Posted 3:55 p.m. Tuesday, Jan. 30, 2024
In new book, Docan-Morgan documents experiences of transnational Korean adoptees
What does it mean to be “family”? Many people wrestle with that question, and it may be especially nuanced for individuals who are adopted.
Sara Docan-Morgan, a professor in the Communication Studies Department at UW-La Crosse, recently published “In Reunion: Transnational Korean adoptees and the communication of family,” a book exploring the complexities of communication surrounding reunions of transnational adoptees and their birth and adoptive families. The book is based on interviews with 18 transnational Korean adoptees who had been raised in America or Denmark and had reunited with their Korean birth families.
“Hearing from and interacting with adoptees who have reunited and found the research helpful has been really rewarding,” Docan-Morgan says. “And it’s rewarding to generate something that is going to be useful and helpful to people in the future. I’ve always wanted to do research that was practical and applied.”
After her first set of interviews for the project in 2010, she authored several academic articles about her findings. “In Reunion” started to take shape 10 years later, as she was interviewing more adoptees about the same topic, something she did not predict to do a decade earlier.
“I think I always hoped to write a book because books tend to be written in a more accessible manner than journal articles written for other academics. Plus, there's more freedom in writing a book,” Docan-Morgan says. “I didn’t know how much I would enjoy it until I actually started doing it.”
One topic highlighted in the book is “discursive burden,” which Docan-Morgan defines as communicative responsibility. Adoptees who are in reunion bear a lot of discursive burden, ranging from initiating the search and reunion to masking uncomfortable feelings as they adjust to cultural norms that are different from those they were raised with.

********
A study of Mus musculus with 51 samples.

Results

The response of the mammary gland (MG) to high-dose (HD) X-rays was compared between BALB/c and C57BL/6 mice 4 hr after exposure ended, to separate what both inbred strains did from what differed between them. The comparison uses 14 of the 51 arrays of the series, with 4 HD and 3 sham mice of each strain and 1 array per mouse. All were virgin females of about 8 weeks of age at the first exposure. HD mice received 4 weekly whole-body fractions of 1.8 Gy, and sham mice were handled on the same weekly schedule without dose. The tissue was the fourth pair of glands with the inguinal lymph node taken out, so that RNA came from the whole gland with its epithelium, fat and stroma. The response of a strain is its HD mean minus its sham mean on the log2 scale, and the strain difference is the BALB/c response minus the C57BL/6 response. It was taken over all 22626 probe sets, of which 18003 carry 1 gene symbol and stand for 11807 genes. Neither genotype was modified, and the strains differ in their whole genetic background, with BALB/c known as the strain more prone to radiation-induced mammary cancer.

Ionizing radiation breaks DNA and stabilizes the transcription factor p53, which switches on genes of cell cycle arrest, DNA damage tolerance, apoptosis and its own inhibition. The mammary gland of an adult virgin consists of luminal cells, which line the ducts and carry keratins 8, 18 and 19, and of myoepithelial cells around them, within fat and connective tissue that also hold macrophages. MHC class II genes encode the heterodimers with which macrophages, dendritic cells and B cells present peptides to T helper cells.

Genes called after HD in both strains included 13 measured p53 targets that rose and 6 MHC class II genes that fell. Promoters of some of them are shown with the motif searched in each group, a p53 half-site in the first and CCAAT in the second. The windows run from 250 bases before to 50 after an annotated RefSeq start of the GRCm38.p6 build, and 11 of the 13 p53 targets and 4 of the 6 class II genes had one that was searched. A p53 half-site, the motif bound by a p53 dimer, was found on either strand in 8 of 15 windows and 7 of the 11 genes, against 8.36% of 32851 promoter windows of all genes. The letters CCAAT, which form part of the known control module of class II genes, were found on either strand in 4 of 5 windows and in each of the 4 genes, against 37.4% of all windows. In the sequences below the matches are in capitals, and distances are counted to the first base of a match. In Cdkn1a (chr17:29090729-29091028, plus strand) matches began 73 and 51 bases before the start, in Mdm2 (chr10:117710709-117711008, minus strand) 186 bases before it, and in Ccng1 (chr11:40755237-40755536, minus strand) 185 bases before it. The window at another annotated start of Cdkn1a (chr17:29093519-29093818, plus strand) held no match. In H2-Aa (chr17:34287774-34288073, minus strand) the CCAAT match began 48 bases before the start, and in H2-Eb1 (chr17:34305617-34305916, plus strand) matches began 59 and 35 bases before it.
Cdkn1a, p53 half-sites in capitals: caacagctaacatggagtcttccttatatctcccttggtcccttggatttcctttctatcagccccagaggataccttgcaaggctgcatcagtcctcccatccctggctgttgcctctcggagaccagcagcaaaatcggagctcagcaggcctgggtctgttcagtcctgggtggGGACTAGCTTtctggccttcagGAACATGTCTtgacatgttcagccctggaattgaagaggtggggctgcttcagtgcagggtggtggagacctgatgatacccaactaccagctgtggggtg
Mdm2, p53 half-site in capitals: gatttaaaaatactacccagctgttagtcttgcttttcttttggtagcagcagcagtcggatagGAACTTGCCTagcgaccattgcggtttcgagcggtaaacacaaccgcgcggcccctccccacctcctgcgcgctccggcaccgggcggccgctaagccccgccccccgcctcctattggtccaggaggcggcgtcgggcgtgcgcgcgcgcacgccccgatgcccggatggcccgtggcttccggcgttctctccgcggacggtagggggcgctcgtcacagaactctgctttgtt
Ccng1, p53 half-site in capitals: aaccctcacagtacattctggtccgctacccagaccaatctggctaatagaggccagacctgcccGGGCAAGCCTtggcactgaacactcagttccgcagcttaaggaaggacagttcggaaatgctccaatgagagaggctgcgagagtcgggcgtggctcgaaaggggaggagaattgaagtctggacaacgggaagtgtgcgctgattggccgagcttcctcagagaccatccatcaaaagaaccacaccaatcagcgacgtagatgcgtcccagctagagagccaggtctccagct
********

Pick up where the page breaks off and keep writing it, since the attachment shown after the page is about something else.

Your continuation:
“In sharing that idea of discursive burden, I wanted people to know what they’re doing is hard and what they’re doing requires a lot of courage,” Docan-Morgan explains.
There is the possibility of discursive burden happening within the adoptive family, too. Adoptive parents may feel threatened by the reunion, so the adoptee feels they must reassure them.
“I want people to have a wider view of reunion,” Docan-Morgan says. “The book is not just for adoptees, but for families of adoptees who support them as they go through reunion.”
Docan-Morgan has a personal connection to the topic, being a transnational Korean adoptee. She first met her birth parents in 2009 and spent 2016 to 2018 in Korea building a relationship with them. Her personal experience led to her research, which has been both fulfilling and meaningful, but not always easy.
“Getting emails and DMs from people that tell me the book has impacted them makes me feel fulfilled and thankful to be in the position I’m in,” Docan-Morgan says. “From a personal perspective, because I’ve reunited and I share part of my story in the book, people ask me personal questions in Q&A and conversation. Being adopted is only one part of my identity, and sharing the book has been emotional and vulnerable as it’s made me think more about that part of my identity and my American parents who passed in 2003 and 2008. So, I wouldn't say it’s been easy, but it’s been meaningful.”
Taking a sabbatical in the 2021-2022 academic year helped Docan-Morgan create time to complete the project. She urges other faculty to do the same if they have research they would like to pursue but have trouble fitting it into their heavy teaching load.
“A faculty sabbatical was really helpful for me,” Docan-Morgan says. “It's important that people support faculty research and talk about faculty research, and for faculty to learn how to set boundaries to create time to work on research projects.”
After publishing the book, Docan-Morgan has found another topic she would like to explore in future research: the process of interpretation. There is no standard way of translating across language and cultural barriers. Some translators give cultural context, while others think it should be as straight-forward as possible.
“There’s an intertwined relationship between culture and language,” Docan-Morgan explains. “I’m interested in the different perspectives on how to best do it.”
Additionally, you can join Docan-Morgan for an evening book signing event on Feb. 29 at Pearl Street Books (323 Pearl St., La Crosse).
“In Reunion: Transnational Korean adoptees and the communication of family” is available for purchase online.